Examples of Writing
Examples of Writing
The following examples will provide a preview of the writings of Deb Dooley taken as excerpts from various assignments. Larger examples are available upon request.
"Writings can be categorized as either fiction or non-fiction.
Fiction is works created from the writer's creative mind such as romantic mysteries, crime thrillers, or fairy tales, and is a market difficult to enter. Though a story may be crafted around a true event, the story itself is an imaginative creation. It requires the use of an agent to pursue projects for the writer and is typically not a lucrative choice.
By contrast, non-fiction writing, which includes business writings and biographies, relates factual events and reports the truth."
"As a freelance writer just beginning a writing career, you should be prepared to quote your going rate. Here are a few suggestions to help:
1. Determine your hourly rate of pay by deciding what your goal is for the year, how many hours you want to work each week, then calculate an hourly rate for your works.
2. Another method would be to simply utilize the industry standard of $50 per hour, and negotiate from there. This rate isn't set in stone so you will have the flexibility to start up or decrease it from there.
3. Establish a per-project rate by determining the estimated or known time to complete the project. Using your goal rate per hour you can easily calculate the cost of a completed project for a client.
Again, you may have to negotiate this cost with your prospect, but now you have a starting point."
"One of the challenges a freelance writer encounters when embarking on their new career is where to find work. Once you've decided which writing niche(s) to follow, your next target is to locate markets to sell your talents.
Numerous freelancers turn to guideline directories, i.e., Writers Market, to give them quick resources. Be careful not to rely solely on these directories, as they're limited in what they offer, and other avenues are out there.
Take for instance online research. Put your creative skills to good use by using various search engines for publications, jobs, etc. in your genre. Surprisingly, there'll be hundreds of results from which to choose.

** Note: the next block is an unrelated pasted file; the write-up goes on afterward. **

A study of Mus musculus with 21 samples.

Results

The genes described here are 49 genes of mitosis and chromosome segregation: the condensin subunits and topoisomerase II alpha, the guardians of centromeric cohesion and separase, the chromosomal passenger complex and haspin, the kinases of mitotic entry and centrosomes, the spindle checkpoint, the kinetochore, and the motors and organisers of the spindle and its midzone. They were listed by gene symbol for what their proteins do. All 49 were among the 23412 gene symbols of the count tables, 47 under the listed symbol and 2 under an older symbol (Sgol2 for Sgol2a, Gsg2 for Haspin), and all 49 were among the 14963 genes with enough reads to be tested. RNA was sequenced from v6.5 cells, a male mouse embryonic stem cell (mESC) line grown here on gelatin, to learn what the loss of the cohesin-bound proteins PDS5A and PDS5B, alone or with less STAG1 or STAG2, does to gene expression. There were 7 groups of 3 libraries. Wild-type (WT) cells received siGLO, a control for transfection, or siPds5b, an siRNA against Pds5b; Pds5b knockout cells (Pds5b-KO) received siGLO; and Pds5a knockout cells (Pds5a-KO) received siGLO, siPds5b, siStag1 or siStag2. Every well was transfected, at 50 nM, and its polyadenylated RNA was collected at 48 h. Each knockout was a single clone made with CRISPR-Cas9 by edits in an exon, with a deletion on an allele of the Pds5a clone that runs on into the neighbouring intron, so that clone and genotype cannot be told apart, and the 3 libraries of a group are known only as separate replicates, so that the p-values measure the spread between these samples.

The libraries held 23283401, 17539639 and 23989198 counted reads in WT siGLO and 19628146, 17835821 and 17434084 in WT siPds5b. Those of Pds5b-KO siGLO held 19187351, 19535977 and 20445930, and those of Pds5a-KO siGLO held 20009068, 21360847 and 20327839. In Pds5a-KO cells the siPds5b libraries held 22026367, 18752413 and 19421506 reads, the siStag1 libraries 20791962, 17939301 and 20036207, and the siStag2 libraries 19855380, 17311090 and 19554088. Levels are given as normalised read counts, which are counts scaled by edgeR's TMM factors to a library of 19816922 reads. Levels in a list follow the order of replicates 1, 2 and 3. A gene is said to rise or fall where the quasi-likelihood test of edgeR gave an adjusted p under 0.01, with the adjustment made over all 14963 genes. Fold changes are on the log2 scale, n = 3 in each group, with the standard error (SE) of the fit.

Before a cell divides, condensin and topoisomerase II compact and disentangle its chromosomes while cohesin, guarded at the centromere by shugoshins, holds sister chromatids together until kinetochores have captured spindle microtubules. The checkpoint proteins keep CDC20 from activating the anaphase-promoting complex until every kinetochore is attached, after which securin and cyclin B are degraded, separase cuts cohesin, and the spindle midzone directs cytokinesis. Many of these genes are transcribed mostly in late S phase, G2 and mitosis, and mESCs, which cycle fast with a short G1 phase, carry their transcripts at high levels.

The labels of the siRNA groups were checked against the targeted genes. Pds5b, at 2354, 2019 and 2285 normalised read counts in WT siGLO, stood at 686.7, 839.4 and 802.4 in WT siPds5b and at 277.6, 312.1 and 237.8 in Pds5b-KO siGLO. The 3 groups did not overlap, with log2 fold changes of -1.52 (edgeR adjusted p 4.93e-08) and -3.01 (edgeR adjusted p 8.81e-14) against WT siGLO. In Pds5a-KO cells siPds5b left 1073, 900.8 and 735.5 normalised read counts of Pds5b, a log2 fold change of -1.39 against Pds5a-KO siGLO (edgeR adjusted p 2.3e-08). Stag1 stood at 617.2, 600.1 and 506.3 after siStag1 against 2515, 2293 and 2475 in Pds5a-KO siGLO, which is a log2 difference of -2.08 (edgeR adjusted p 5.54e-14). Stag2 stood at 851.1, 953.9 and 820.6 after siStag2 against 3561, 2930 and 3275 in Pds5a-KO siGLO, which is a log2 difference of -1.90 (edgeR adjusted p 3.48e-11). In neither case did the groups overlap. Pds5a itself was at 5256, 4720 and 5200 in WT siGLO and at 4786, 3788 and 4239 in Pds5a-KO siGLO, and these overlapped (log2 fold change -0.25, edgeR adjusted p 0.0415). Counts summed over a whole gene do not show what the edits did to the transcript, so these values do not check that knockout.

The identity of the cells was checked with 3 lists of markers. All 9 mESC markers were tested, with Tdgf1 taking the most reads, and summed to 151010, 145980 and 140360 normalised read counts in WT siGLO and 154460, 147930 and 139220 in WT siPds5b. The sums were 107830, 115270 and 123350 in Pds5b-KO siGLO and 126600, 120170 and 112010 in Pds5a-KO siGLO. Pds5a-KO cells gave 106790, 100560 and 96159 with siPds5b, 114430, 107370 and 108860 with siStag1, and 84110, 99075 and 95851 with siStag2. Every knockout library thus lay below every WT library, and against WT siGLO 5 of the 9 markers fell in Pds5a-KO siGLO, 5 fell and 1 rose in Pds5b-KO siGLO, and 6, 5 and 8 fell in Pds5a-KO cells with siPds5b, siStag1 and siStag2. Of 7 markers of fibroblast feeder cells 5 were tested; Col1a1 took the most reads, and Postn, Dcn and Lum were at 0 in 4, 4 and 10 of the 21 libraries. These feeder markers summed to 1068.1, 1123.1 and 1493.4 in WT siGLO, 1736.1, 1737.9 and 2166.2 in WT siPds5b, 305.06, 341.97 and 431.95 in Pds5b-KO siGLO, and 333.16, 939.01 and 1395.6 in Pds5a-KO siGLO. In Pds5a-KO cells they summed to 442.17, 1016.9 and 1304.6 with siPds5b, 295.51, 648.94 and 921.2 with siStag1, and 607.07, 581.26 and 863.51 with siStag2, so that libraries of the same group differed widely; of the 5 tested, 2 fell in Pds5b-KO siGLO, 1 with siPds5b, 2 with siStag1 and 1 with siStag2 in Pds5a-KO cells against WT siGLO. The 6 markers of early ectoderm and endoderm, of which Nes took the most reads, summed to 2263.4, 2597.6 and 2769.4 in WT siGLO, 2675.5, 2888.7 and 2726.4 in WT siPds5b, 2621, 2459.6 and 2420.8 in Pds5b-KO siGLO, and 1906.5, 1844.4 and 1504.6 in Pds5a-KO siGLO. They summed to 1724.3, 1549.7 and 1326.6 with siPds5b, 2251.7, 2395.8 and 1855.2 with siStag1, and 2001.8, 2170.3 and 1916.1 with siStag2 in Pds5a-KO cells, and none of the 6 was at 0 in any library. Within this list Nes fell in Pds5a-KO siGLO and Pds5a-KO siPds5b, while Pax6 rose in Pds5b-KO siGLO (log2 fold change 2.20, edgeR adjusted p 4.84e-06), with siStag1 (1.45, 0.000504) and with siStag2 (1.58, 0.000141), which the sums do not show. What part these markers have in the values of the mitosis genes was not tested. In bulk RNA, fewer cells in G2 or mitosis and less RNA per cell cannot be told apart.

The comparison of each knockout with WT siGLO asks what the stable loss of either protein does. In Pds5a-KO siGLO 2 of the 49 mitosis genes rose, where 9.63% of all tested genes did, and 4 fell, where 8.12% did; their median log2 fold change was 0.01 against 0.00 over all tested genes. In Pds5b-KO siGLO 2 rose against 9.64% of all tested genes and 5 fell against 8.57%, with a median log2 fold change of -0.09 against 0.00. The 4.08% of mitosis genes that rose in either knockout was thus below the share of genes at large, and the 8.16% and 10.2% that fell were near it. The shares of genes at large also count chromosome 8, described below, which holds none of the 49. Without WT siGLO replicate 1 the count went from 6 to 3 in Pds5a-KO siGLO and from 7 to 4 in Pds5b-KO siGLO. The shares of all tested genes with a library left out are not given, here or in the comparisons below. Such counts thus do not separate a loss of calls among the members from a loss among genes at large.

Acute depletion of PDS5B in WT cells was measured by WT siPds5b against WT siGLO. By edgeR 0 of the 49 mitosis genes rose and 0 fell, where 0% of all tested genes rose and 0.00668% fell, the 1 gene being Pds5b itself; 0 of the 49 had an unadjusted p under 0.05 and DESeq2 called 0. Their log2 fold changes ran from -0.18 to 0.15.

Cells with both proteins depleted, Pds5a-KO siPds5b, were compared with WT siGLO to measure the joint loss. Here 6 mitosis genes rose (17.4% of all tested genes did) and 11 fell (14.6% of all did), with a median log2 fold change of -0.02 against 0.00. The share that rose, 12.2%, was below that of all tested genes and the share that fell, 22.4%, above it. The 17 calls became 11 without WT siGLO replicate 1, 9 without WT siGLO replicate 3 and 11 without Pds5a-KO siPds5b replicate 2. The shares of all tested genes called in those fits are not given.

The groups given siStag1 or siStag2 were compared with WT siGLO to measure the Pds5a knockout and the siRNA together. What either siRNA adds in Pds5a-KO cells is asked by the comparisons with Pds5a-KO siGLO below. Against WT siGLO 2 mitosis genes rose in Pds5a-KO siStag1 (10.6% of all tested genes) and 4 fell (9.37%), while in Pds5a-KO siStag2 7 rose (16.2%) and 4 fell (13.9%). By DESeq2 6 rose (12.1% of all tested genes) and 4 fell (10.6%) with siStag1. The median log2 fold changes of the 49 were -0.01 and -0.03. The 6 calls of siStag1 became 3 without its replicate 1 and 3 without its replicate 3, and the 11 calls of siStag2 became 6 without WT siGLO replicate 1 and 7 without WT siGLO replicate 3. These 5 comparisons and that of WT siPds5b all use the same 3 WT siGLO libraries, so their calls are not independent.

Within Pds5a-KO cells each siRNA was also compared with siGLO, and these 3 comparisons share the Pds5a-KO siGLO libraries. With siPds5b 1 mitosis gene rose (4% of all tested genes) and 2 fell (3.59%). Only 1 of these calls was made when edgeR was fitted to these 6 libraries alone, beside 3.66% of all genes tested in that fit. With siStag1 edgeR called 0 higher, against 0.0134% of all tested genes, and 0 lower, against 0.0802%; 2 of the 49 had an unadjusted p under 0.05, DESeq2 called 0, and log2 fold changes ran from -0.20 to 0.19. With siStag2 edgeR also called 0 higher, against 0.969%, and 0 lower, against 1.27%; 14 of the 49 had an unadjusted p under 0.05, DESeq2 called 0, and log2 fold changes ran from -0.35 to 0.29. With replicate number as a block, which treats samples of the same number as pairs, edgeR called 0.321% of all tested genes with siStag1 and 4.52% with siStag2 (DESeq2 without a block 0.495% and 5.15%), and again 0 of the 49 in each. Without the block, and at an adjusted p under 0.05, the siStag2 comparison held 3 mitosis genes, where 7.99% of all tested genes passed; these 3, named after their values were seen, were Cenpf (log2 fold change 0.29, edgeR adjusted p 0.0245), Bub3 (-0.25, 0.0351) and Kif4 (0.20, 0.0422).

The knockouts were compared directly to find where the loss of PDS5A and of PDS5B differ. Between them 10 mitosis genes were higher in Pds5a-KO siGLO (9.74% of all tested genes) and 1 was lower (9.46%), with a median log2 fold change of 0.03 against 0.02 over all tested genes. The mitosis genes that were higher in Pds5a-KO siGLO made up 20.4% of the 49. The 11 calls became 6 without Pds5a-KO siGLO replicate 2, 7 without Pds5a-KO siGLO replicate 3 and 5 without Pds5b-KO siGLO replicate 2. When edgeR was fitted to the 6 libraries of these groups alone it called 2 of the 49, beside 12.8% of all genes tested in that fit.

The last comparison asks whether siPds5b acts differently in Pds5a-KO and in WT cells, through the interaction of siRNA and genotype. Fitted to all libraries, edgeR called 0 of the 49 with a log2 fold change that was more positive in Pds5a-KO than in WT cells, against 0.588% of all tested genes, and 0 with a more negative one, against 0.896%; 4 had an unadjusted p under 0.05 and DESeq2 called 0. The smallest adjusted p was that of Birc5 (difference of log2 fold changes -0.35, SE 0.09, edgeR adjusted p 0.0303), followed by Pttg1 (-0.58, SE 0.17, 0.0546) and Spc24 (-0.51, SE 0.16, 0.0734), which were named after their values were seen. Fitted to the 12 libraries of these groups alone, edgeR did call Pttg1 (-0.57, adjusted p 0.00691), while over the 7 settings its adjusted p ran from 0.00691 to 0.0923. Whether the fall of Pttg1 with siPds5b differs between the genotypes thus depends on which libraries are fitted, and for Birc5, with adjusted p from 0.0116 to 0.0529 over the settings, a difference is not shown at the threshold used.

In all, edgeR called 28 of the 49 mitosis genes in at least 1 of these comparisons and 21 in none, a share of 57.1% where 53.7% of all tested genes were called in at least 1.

Last, but certainly not least, is the old-fashioned cold call. Send postcards announcing your services or create a marketing letter promoting your services.
Good research and hard work will yield a multitude of markets open to you; they're just waiting for you to make the first move!"
"In order to find a buyer for your written works, a writer must approach literary agents, publishers or editors with either a proposal or a query letter.
If the work you want to sell is an article for a magazine, newspaper, or similar publications, then the route to take is a query. This is the writer's opportunity to present their idea for an article to an editor, and why they're the best writer for the subject. It should always include a brief bio of the writer's background supporting their experience and/or expertise in the topic suggested, and why this article will be different from the many others of its kind.
On the other hand, if you're writing a non-fiction work, you'll want to submit a proposal to the buyer. These works typically are business-related topics and work much like a sales letter to the business. Unlike the unsolicited sales letter, the proposal is usually a response to a request for a proposal from a business. The proposal should always include your rate or project cost, what services you'll include, and anticipated time until delivery or a target date.
Both the query and proposal give the literary agent or businessperson an overview of your proposed project, and what services you include. The difference, though, is that a query will not address the pricing of the project."